Dana NuccitelliMon 3 Sep 2018 11.00 BST
California’s Democratic leaders are determined to fight the climate change that’s ravaging their state
In America today, it’s rare to see political leaders respond to a threat with an appropriate evidence-based policy solution. At the national level, more often we see actions that aggravate existing problems or create new ones. California – the country’s most populous and economically powerful state – has been a welcome exception.
California has been battered by extreme weather intensified by climate change. From 2012 to 2016 the state was scorched by its worst drought in over a millennium. Weather whiplash struck in 2017, when much of the state broke precipitation records. This combination led to devastating mudslides and created the conditions for the most destructive and costly wildfire season on record in 2017, followed by the state’s largest-ever wildfire in 2018, which broke the previous record (set in 2017) by more than 60%.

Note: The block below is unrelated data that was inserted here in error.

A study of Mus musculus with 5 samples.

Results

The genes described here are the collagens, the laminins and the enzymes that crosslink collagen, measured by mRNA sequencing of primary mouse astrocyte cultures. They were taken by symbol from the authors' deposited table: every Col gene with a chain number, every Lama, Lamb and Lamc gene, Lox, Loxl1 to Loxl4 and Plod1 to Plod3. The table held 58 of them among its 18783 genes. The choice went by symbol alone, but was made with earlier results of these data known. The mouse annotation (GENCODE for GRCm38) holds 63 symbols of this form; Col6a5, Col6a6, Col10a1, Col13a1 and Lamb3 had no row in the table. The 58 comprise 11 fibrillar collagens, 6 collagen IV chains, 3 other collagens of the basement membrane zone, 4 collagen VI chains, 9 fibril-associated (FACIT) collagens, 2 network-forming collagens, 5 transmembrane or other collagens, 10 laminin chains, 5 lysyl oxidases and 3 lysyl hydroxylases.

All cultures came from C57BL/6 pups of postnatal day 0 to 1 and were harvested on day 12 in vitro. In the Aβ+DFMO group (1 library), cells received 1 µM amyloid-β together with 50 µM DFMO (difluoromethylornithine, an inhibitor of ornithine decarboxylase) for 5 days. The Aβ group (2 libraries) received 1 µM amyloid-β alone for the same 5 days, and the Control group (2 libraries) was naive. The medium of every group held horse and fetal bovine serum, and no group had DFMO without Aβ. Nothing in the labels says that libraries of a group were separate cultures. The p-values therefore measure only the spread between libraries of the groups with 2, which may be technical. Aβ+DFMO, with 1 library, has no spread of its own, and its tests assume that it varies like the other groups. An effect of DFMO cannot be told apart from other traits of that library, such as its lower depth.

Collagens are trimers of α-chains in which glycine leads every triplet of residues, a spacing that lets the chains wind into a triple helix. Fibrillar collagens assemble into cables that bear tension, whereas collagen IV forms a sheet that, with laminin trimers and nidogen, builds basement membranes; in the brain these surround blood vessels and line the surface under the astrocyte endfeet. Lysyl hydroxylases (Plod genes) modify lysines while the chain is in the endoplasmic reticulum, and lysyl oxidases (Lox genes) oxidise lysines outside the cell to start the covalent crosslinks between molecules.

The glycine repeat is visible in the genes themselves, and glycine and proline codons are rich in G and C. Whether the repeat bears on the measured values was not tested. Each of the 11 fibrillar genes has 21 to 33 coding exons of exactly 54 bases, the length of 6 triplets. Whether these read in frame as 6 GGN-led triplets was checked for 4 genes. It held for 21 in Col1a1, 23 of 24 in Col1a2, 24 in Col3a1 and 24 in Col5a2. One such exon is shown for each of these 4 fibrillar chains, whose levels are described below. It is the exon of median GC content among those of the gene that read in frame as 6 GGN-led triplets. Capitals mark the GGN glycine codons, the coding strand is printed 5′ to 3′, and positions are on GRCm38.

All of these impacts have been exacerbated by global warming. The past five years have been California’s five hottest on record. And so, the state’s leaders decided to do something about it. California had already set a renewable portfolio standard in 2002, strengthened by Governor Arnold Schwarzenegger’s 2008 executive order requiring that 33% of electricity be generated by renewable sources by 2020. Governor Jerry Brown signed Senate Bill (SB) 350 in 2015, expanding the requirement to 50% renewables by 2030.